Self-care: we hear those buzz words often nowadays, but what do they really mean? Bubble baths, pedicures, Netflix binges, and comfort foods? Maybe sometimes, but when it comes to using self-care as a tool for actually experiencing an increased sense of contentment in your life, there’s more to it than that.
Many of us see engaging in self-care activities as a way to escape from the stress of daily life; little “treats” we deserve in order to counteract the parts of life that are difficult, painful, or arduous. Others see those activities as too indulgent, or they simply feel undeserving of the respite. But what if there’s an entirely different perspective? What if self-care isn’t about escaping your reality through instant gratification, but it’s about creating a life you don’t feel the need to escape from? That self-care isn’t the same as self-indulgence (and it isn’t rooted in judgment), but that it’s a responsible form of self- compassion that can be used to propel you towards your personal goals? Sure, sometimes self-care might look like a long afternoon nap, or a spa day, or a meal of your favorite foods–but it may just as easily look like sitting down to finally tackle your budget so that you can begin to pay off your debts. Or like making a salad when you’re craving fast food because that choice is aligned with your hope to improve your physical health, or declining a social invitation because you’ve been feeling stressed and need the opportunity for downtime at home. It’s less about trying to band-aid the current feelings of stress with something enjoyable, and more about consistently making choices that add feelings of peace, joy, and contentment to your life. Self-compassion expert and author Dr. Kristin Neff describes it well, “Self-compassion involves turning towards what I’m experiencing with care, whereas self-indulgence involves turning away from what I’m feeling, often in an attempt to try to feel better.”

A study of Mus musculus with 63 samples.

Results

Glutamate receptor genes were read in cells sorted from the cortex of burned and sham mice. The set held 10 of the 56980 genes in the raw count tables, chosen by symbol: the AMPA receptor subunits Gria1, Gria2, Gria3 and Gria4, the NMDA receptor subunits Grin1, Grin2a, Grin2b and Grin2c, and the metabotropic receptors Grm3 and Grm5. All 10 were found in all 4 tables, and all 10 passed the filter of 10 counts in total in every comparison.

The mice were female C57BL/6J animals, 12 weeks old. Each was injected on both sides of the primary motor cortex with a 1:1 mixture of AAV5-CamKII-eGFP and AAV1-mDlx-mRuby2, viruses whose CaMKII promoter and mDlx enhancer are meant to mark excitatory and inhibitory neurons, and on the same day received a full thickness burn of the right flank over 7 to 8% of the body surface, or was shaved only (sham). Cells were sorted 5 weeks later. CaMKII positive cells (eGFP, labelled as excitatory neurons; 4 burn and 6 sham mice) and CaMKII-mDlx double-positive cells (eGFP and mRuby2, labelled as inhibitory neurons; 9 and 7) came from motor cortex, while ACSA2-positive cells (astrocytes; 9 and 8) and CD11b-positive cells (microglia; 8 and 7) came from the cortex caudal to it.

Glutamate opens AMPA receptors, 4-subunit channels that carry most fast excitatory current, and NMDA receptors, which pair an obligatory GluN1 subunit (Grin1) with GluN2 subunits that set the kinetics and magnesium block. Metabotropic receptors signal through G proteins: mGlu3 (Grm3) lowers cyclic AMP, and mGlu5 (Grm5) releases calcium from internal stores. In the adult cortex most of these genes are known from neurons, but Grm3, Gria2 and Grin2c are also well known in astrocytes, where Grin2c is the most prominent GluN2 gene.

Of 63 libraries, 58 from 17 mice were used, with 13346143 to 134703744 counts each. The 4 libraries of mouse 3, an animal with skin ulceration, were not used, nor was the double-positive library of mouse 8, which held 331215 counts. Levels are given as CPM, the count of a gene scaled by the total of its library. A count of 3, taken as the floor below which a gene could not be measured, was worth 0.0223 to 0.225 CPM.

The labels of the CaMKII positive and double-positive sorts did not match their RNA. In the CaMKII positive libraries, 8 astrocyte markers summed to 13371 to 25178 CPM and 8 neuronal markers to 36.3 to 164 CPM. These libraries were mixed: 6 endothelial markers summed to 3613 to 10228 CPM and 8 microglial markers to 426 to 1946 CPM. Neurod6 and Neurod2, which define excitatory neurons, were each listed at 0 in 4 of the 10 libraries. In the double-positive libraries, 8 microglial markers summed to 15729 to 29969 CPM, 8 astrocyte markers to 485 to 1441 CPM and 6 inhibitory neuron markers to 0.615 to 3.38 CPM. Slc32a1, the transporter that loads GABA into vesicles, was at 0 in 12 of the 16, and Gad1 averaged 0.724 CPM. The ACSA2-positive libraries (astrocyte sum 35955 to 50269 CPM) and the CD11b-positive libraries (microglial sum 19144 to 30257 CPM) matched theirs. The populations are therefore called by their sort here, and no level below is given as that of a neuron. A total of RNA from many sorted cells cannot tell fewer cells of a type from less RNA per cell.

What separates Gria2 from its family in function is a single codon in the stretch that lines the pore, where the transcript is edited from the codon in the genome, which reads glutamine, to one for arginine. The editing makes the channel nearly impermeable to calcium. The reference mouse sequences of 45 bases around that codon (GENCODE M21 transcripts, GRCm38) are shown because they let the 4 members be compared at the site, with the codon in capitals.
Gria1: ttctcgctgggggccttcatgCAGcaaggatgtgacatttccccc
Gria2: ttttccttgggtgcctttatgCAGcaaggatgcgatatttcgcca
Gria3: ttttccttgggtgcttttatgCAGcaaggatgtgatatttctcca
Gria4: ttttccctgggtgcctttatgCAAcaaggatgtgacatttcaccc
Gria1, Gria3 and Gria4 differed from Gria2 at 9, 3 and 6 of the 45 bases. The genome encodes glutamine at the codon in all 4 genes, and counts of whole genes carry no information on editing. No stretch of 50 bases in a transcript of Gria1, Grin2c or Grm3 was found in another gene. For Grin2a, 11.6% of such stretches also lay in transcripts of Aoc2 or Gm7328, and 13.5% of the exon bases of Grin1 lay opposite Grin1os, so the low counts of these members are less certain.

So the next time you feel your stress levels peaking, take a moment to stop and consider the parts of your life that hold the most meaning and impact–and respond to yourself with kindness, intention, and action.
Lauren Keppel, LCSW
Lauren Keppel can be reached by phone at 630.718.0717, ext. 239 or email firstname.lastname@example.org. For immediate assistance to schedule an appointment, please connect with one of our Client Care Specialists at 630.718.0717, ext. 240.